Recipient of much acclaim and even more discussion this year, FKA Twigs might be part of this supposedly modern mutant r’n’b thing that seems to be happening (possibly started by The Weeknd and pursued by How To Dress Well, in as much as these ‘things’ ever start anywhere identifiable), or she might be something else entirely. Let’s settle on something else entirely. If I’m reminded of other music (and I am, a little, although not that much) then it includes Julia Holter, Grimes, 4AD, and Radiohead’s post-electronic work rather than Whitney Houston or Beyonce or Maxwell. Which isn’t to say that one can’t detect similarities to those artists here; they’re just not the only, or even the main, reference points. Which is a clumsy and roundabout way of saying that FKA Twigs (from Gloucestershire, 26, former backing dancer for Ed Sheeran and Kylie Minogue) lives in that space between genres which so much post-broadband music inhabits.
FKA Twigs’ music also lives in another, more specific space; the space that surrounds sex between human adults. LP1 is… I’m hesitant to use the word ‘explicit’, but the eroticism and lust on display here are way beyond being implicit: “when I trust you we can do it with the lights on”; “I can fuck you better than her”; “my thighs are apart for when you’re ready to breathe in”. While not every song is quite this upfront and overtly sexual, there’s a strong tone and atmosphere that pervades the whole record. The fact that the final song is pretty explicitly about masturbation leaves little doubt that you’ve misinterpreted the mood.
This isn’t just titillation for the aural equivalent of the male gaze, though; although hearing female voices sing explicitly about sex and love from and for their own perspectives (rather than for a male audience) isn’t as rare as one might think (or as we’re lead to believe, possibly) (just this year we’ve heard St Vincent sing about masturbation, Karen O release an album called Crush Songs, and Tanya Tagaq release an extraordinarily sensual and political album dedicated to the missing and murdered aboriginal women of Canada), the sexuality on display here may well make men feel uncomfortable rather than aroused, and the emotions that accompany the actions described feel very much as if they’re coming from a female perspective rather than pandering to a male one. It’s intimate and private rather than exhibitionist, and every erotic action has an emotional fulcrum and fallout, even if not a motivation.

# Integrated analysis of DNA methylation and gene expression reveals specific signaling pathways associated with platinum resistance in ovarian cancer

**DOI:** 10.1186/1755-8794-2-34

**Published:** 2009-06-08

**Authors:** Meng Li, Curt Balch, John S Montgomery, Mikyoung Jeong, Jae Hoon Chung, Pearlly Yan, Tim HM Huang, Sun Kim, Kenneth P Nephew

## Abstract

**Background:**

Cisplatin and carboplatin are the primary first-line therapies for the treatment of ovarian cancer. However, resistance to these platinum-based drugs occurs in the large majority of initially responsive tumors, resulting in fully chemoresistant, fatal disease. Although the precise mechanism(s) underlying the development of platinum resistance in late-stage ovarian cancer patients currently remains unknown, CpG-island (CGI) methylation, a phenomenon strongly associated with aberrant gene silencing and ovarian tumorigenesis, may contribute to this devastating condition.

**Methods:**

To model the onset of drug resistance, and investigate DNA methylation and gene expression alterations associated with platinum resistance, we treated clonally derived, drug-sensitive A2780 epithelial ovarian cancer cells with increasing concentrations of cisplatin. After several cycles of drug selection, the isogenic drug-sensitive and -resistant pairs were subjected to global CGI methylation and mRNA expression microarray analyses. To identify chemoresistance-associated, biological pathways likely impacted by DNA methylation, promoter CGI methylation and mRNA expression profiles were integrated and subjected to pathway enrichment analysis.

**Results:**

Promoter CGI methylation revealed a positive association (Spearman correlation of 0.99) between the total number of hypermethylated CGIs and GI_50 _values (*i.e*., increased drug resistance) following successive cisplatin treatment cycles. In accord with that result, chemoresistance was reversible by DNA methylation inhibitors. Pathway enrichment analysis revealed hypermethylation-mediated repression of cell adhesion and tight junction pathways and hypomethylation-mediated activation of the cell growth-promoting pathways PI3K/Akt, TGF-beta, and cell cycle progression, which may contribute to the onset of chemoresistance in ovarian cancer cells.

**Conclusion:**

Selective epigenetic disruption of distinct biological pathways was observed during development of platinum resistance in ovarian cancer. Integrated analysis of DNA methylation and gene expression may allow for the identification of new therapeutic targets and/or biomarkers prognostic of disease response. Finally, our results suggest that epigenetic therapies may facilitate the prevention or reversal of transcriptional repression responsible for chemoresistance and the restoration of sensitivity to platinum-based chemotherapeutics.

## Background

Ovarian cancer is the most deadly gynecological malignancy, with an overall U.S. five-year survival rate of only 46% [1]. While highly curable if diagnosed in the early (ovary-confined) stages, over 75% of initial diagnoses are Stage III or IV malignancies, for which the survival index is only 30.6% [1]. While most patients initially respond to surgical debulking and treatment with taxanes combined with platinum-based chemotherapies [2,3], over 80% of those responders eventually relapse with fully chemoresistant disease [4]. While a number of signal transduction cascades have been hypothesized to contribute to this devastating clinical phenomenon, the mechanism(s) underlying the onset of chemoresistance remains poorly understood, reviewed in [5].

Likewise the musical content, although defiantly modern and sumptuous, is low-key and subtle, in terms of both melodies and beats; these are pop songs, but they’re not bangerz, and although there might be nods to multiple stripes of modern dance music there aren’t any crass drops in evidence, imbuing LP1 with both sophistication and intrigue.
Rob listened: I’ve been around the houses with LP1. I went through a phase of putting it on as background music, and in that role I found it very easy to reach for. I like the palette and the restraint. It’s nice. A nice sound. I tried to listen to it more closely a couple of times but it slipped out of my grasp. I found it an easy record to walk away from. Listening to it with with Tom and Nick, both of whom have already spent a reasonable amount of time with it, I found it similarly evasive. I’d go so far as to say it seemed indistinct. After the meeting I decided I was fed up of it. We have enough woozy postmodern ambient dance scapes to last the rest of the decade don’t we. Isn’t LP1 just another to chuck on the pile?
Now, listening once more on headphones, it sounds utterly fabulous. Rich in detail, deeply resonant and cut through with dark undertows. Plus, and here’s the thing, the songs are first rate, each one hiding at least one moment that forces you to close your eyes and nod whilst an icicle is forced gently through your heart.
I’d planned to write about how I’d decided I can do without FKA Twigs in my life. I’ve changed my mind.
Tom listened: I have bought precious few records this year, mainly through lack of inspiration, so I was pleased when, a couple of weeks ago I picked up FKA Twigs and had something, at least, to play at our albums of the year meeting.
On first listen I thought I had discovered a massive flaw in my thinking…I hated the lyrical content of the first few tracks of LP1 to such an extent that even before the fourth track, Hours, had finished I was already wondering whether the record shop would allow me to return a record that had already been played. Great! I chance my arm on a record after months of abstainance and it turns out to be a dud. So much for album of the year!
But, but , but…a few more plays and it really does begin to sound like album of the year material. Sure, the lyrical content is still about a cringeworthily (I know that’s not a word) explicit as I can bear – that’s not going to change with exposure, is it! – but I barely notice it now, because the songs are just so damn good. The record is so crisp, the songwriting so innovative, the album so hard to pin down in terms of genre. Best of all, for me, is its unpredictability. Crescendos are missed, vocals drop out, songs slow down, speed up. It should be a mess but it works brilliantly. So the apparent flaws I felt were insurmountable at first have been well and truly neutered and I had been gearing up to producing LP1 at our last meeting of the year, looking forwards to announcing to all and sundry that my album of the year was yet another solo female singer-songwriter…when Nick goes and ruins it all prematurely. I guess now I’ll have to go out and buy something else. Here’s to hoping lightning really does strike twice!